A new year means a new outlook, new strategies and new marketing efforts. In order to survive and thrive in the 2016 business environment, you’ll have to allocate money to being seen, heard, felt and most importantly paid attention to.

If you’re a new business, you’ll have to push your marketing to the forefront in order to spread awareness of what you’re doing for the first few years of business.

If your business has been around for 5+ years, you’ve more than likely found your footing and are looking at expansions into new markets.

In this article we’ll explore the major underpinnings of a proper marketing strategy so that you can go into this year with solid ideas and expectations as to how you get your message out to the people you want to reach.



Budget: $400-$10K+ (one-off investment)

Proper branding is is more than slapping a logo on a surface. As well as the usual marketing collateral (cards, templates) you may want someone who can deliver everything from your story to brand book to other assets. New markets who are not familiar with your brand want to know who they’re doing business with.

A familiar logo or item not only gets people recognizing you, it’s also a big key to them liking you and advocating your brand to their friends and peers.



Budget: Free-$15K (one-off investment); $100+ yearly running costs

A good website should drive people to interact with your company by making a sale, an appointment or a phone call. With the dawn of marketing automation technology, your website of choice can take users through the entire sales funnel from start to finish as well as encouraging repeat business.

WordPress or Wix sites can be built yourself with the only expenses being plugins. A custom-made WordPress site designed to carry the look of your brand usually costs over $2,500, and adding extra functionality such as shopping carts or marketing automation features will cost more.


Social media

Budget: Intern-$4K+ per month

Social media is a marketing channel, not a strategy. Social media websites have been found to be great tools for interacting with customers and getting data to help you serve them better. Some businesses have found strategies that work better on social media (fitness, health, contacting influencers) than anywhere else.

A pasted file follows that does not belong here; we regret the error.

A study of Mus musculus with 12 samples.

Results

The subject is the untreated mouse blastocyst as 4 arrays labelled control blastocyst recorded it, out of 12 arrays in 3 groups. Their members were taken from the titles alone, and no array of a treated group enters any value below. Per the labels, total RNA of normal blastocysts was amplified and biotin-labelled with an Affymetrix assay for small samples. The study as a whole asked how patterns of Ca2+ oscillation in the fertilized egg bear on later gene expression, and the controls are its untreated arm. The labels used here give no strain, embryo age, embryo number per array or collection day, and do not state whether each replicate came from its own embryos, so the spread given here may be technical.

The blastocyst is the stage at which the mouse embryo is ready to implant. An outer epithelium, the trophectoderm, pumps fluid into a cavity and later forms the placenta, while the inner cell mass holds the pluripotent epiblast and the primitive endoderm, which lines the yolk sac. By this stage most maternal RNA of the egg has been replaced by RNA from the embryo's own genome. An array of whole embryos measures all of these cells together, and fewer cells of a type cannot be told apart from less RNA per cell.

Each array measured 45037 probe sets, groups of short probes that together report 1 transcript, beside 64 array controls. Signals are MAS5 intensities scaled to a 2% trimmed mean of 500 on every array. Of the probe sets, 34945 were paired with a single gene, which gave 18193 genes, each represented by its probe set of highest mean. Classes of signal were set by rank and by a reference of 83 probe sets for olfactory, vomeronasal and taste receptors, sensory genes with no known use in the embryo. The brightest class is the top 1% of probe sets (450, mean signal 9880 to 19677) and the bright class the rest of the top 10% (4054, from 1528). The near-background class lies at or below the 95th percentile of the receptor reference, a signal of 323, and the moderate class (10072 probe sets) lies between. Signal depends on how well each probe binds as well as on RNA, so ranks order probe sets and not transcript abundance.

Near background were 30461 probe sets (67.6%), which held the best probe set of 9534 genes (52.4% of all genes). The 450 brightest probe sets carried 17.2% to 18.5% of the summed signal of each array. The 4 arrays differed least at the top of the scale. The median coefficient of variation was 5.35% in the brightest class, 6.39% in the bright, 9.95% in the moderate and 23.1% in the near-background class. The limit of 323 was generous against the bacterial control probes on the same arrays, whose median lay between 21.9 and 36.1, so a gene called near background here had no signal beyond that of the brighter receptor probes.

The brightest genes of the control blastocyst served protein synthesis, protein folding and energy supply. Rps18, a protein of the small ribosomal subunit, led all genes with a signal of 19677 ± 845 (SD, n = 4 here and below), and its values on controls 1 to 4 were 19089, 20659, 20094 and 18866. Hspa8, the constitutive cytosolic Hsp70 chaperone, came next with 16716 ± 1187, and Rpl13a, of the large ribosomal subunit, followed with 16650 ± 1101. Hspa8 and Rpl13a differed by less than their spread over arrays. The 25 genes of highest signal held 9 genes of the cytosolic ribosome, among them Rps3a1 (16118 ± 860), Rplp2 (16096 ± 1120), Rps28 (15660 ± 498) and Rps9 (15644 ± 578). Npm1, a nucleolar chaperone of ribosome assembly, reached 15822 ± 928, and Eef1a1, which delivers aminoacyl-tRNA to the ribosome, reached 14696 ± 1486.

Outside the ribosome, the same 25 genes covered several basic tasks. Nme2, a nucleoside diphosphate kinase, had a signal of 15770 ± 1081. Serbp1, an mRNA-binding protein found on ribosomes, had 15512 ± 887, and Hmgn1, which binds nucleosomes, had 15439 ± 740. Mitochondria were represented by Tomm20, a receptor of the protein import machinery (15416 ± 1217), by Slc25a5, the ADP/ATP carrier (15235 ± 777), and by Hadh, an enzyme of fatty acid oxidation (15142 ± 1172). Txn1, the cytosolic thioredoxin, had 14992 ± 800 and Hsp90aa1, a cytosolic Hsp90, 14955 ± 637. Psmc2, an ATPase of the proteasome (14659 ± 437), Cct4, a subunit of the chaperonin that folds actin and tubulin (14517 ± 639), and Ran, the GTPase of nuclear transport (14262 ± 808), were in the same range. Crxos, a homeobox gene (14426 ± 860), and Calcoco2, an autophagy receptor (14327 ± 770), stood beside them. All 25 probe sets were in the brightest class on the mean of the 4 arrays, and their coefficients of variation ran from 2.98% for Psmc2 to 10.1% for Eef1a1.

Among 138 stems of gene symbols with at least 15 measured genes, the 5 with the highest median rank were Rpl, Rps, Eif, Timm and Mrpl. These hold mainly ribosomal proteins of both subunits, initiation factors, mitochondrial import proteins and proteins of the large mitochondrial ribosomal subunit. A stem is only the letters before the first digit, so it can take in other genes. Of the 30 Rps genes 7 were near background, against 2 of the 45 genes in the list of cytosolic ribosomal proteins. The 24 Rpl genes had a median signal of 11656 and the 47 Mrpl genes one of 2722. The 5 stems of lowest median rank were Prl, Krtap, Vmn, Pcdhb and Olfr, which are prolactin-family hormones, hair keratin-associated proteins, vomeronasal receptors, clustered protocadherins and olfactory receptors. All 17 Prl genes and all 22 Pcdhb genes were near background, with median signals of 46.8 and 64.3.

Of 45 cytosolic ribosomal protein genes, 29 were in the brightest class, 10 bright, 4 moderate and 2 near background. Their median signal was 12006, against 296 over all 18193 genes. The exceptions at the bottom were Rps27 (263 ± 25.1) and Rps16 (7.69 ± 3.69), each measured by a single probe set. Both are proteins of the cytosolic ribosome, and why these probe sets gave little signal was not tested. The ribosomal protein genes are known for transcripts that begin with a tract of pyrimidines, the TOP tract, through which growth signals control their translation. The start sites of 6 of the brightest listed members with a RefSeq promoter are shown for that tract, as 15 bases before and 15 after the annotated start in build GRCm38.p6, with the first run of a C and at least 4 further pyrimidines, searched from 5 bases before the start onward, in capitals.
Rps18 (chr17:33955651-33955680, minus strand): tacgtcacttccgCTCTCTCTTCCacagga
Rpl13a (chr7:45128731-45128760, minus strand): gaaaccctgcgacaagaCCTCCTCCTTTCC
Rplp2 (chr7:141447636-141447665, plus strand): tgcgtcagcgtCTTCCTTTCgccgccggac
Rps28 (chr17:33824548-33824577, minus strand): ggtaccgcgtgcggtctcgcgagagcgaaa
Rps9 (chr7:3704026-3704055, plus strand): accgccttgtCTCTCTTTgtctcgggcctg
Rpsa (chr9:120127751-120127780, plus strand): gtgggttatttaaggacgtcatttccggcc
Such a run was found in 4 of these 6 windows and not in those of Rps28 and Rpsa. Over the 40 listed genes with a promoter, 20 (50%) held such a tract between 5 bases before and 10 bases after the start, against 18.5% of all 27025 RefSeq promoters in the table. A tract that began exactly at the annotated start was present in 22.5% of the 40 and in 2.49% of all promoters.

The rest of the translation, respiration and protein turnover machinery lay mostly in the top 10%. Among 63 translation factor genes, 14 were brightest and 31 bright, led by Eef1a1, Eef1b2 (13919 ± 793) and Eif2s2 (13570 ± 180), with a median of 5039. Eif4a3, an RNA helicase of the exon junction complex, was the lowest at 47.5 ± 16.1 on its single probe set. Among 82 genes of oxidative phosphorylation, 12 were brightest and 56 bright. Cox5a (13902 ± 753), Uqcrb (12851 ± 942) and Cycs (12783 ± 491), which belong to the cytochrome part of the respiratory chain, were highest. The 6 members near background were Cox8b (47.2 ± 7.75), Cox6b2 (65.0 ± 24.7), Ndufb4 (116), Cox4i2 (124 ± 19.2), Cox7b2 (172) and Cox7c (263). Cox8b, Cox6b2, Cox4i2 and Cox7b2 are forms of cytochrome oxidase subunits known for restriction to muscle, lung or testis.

The greatest increases in marketing spending next year and beyond, by category, are projected for analytics and social media. Marketing analytics spending is expected to increase by 60% over the next three years, from 8% to 13.5%.

Increased usage of data analytics tools to help inform marketing looks set to create a major change in marketing budgets in 2016.



Budget: Intern-$10K+ per month

With search engine algorithms getting smarter, stuffing your content with keywords in order to rank higher is becoming a thing of the past. Users are looking for informative, high-quality posts with graphics included.

A steady stream of high-quality content should be part of every business’s online marketing budget. Some companies make content the cornerstone of their online marketing efforts, for example Red Bull whose online presence is equivalent to a magazine or television station.

You can hire freelancers to write and edit content for you, or outsource the whole process to a content marketing firm.

In a 2014 survey, 47% of businesses reported that content marketing was a good return on investment.

In 2016, content is still a major driver of traffic and can achieve good returns on investment with the right strategy.



Budget: Tools/software – free-$100+ per month; Copywriting – intern-$100+ per email

Email is one of the most powerful weapons in your online marketing arsenal. It might not be as cool as Snapchat or Vine, but email is still the most effective online communication tool when it comes to marketing.

One 2015 study estimated the return on investment in email marketing services to be $38 for each $1 spent. With stats like that, you’ll want to be generous when it comes to allocating a portion of your marketing budget to email.

In email marketing, you need to consider two main expenses. Firstly, you’ll have to budget for email marketing tools such as Constant Contact or Mailchimp, which can cost over $200 per month with advanced features and analytics. For smaller businesses who don’t need the advanced features, Mailchimp is free as long as you have less than 2,000 subscribers.

Hiring a good copywriter is the second main expense in email marketing. A professionally written email can cost over $100 a time, unless you’re lucky enough to a have a gifted writer already at your company.



Budget: Varies

From simply attending events and meeting like-minded people to crossmarketing with other brands with similar audiences to your own, there are several ways to go about marketing your products and services through events depending on your budget allocation.

Want to host a weekend retreat in Disneyworld? Want to attend a meetup in an upscale part of town? Factor in everything from venue spaces to travel time to the types of personalities who work in your industry can work wonders as a marketing effort that meets your goals.


Working out your budget

If you’re a small business: the best advice for you would be to start small: focus on the audience as well as how to reach out to them. Learn as you go with little steps.

Focus on starting with a strategy, objectives and metrics to track as you go. After you’ve done a bit of work, analyze the results and try to figure out what went right and what can be improved.

Experimarketing offers you social media, content and email marketing all in one package.